Price discovery of delisting offers: Time for a change

By Akila Agrawal, Shardul Amarchand Mangaldas & Co
Akila Agrawal
Akila Agrawal

One of the key factors that work against exercise of this option is the steep premium one has to pay in a direct delisting offer, where the price is determined by a reverse book building method. Generally speaking, it may be more cost effective to do a fixed-price tender offer, followed by a delisting offer on expiry of the cooling-off period.

The question is whether the reverse book building method that is currently adopted for price discovery of delisting offers has outlived its utility.

Unique situation

India is the only jurisdiction in the world that offers a reverse book building method of price discovery for delisting offers. A majority of the developed markets, such as US, UK, Canada and Japan, do not offer any appraisal rights to minority shareholders. In some other jurisdictions, only dissenting shareholders get appraisal rights and these are normally based on a look-back price or a fair valuation of the stock.

India is unique in offering public shareholders the right to determine the exit price, with the law only prescribing a floor price. The genesis of this methodology dates back to 2002, when a committee chaired by Pratip Kar raised the need for a reverse book building method of price discovery. A fixed-price exit was under scrutiny as a number of multinational companies were delisting shares from the exchanges and historical trading price was not adequate compensation in a depressed market.

The committee was of the view that a book building process would provide a transparent, fair and reasonable mechanism of price discovery. This recommendation was implemented in 2003.

Basic premise

A fundamental assumption that the committee had made in recommending this change was that rational investors would quote a reasonable premium in book building. Market behaviour indicates the contrary. Unlike other jurisdictions where the share price plummets on the announcement of an intention to delist, in India the share price skyrockets due to speculative trading and the shareholders’ right to demand a premium far higher than what could be considered reasonable.

There is no denying that permanent loss of investment opportunity ought to be compensated, but premiums in the range of 50% have historically tipped the balance heavily in favour of the minorities. Moreover, delisting does not result in a 100% squeeze-out of the minority shareholders and there are instances where higher premiums are paid at the final squeeze-out stage.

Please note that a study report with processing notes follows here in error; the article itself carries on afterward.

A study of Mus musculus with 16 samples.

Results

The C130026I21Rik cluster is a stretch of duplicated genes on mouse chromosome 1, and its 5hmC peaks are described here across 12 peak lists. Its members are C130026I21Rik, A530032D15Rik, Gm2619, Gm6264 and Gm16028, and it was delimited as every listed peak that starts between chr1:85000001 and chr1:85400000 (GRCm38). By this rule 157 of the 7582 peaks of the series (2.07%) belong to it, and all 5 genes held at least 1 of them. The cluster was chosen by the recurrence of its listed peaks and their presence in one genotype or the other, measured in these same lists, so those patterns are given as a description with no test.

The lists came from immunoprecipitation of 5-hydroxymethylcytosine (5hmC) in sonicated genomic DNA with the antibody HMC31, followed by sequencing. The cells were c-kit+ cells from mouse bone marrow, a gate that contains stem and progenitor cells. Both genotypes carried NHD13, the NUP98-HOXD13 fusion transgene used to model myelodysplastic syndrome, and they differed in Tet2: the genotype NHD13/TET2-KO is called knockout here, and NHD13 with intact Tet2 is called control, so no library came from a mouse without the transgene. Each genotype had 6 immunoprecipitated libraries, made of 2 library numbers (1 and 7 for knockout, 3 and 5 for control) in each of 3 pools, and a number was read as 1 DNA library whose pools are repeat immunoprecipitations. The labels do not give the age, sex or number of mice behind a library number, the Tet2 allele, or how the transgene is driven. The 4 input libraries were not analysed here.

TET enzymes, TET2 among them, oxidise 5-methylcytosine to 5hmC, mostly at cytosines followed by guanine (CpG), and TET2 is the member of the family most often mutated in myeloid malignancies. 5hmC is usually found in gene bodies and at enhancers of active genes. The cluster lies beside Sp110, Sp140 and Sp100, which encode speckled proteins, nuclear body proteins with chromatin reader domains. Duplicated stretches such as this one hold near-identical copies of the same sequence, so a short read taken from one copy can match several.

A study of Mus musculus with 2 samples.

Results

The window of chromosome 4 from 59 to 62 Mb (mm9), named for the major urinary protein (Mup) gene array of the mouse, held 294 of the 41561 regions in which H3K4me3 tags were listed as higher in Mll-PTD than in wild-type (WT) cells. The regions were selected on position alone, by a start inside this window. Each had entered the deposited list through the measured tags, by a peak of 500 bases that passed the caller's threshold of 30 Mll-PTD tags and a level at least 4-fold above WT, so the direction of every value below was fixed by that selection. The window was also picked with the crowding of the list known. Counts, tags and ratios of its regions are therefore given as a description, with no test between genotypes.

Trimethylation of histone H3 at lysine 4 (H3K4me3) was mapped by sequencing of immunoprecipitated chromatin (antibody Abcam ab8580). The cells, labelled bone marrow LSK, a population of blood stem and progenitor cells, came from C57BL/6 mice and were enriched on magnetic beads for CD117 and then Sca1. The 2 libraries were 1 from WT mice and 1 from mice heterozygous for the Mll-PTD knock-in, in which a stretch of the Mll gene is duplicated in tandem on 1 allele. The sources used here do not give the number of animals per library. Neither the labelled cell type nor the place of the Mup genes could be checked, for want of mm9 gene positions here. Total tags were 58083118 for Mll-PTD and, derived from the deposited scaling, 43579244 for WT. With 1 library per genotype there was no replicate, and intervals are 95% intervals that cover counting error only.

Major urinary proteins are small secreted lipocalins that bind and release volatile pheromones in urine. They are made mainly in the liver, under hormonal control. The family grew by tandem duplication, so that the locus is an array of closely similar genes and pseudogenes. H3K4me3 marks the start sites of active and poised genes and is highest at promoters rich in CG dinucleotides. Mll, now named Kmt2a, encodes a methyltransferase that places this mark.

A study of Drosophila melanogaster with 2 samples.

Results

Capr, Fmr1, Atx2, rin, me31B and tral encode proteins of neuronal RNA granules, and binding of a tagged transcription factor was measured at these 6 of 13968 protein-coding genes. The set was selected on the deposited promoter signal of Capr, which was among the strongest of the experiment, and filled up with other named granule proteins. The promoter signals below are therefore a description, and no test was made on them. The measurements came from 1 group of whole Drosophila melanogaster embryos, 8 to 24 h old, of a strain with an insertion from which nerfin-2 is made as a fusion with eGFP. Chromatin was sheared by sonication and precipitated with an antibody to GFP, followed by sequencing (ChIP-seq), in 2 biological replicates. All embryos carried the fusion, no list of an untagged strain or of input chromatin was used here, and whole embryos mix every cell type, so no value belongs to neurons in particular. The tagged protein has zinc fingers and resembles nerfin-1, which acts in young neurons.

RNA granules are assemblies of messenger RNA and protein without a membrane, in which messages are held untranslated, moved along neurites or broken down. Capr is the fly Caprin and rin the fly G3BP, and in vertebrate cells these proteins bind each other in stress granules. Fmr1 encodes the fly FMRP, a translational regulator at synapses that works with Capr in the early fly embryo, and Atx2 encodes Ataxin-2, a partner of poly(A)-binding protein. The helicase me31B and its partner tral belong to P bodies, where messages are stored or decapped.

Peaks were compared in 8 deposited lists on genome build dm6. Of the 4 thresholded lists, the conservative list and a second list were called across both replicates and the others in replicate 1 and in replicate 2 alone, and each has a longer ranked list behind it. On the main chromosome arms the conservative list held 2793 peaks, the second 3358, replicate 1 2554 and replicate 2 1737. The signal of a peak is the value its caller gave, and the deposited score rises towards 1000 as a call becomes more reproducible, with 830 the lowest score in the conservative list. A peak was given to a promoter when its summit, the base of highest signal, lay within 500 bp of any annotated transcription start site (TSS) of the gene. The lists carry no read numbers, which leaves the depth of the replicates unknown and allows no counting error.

A few shareholders who do not have any intention to sell have the ability to derail the process, and it is clear that the process is open to manipulation. SEBI recognized this in a concept paper in 2006, in which an alternative price mechanism, namely, 25% premium on the fair value or look-back price of the share, was mooted. Again, in 2014, a fixed-price alternative was considered in SEBI’s concept paper for changes in the delisting regulations. However, neither of these proposals was accepted and the only change has been to reduce the influence of block holders by modifying the exit price to be the highest price at which the promoter touches the threshold limit (as opposed to the price at which the maximum number of shares is tendered).


The reverse book building process as an investor protection method is suitable for new markets. Given the current phase of development of the Indian securities market, it no longer seems to be an efficient method of price discovery. The BSE in Mumbai and the National Stock Exchange are among the world’s leading stock exchanges and it is time SEBI recognizes and supports the principle that delisting is a corporate decision. Companies have the right to delist and cannot be forced to stay listed by onerous regulations.

In most jurisdictions, the decision to delist is simply made by the board of directors and the directors are expected to exercise their fiduciary obligations and act in the best interests of the company and its stakeholders. It is time that SEBI rectifies this anomaly. Investor protection does not necessarily mean protection of minority investments to the exclusion of the interests of controlling stakeholders. It refers to the protection of all investors in the securities market.

Akila Agrawal is a partner at Shardul Amarchand Mangaldas & Co. The views expressed in this article are those of the author and do not reflect the position of the firm.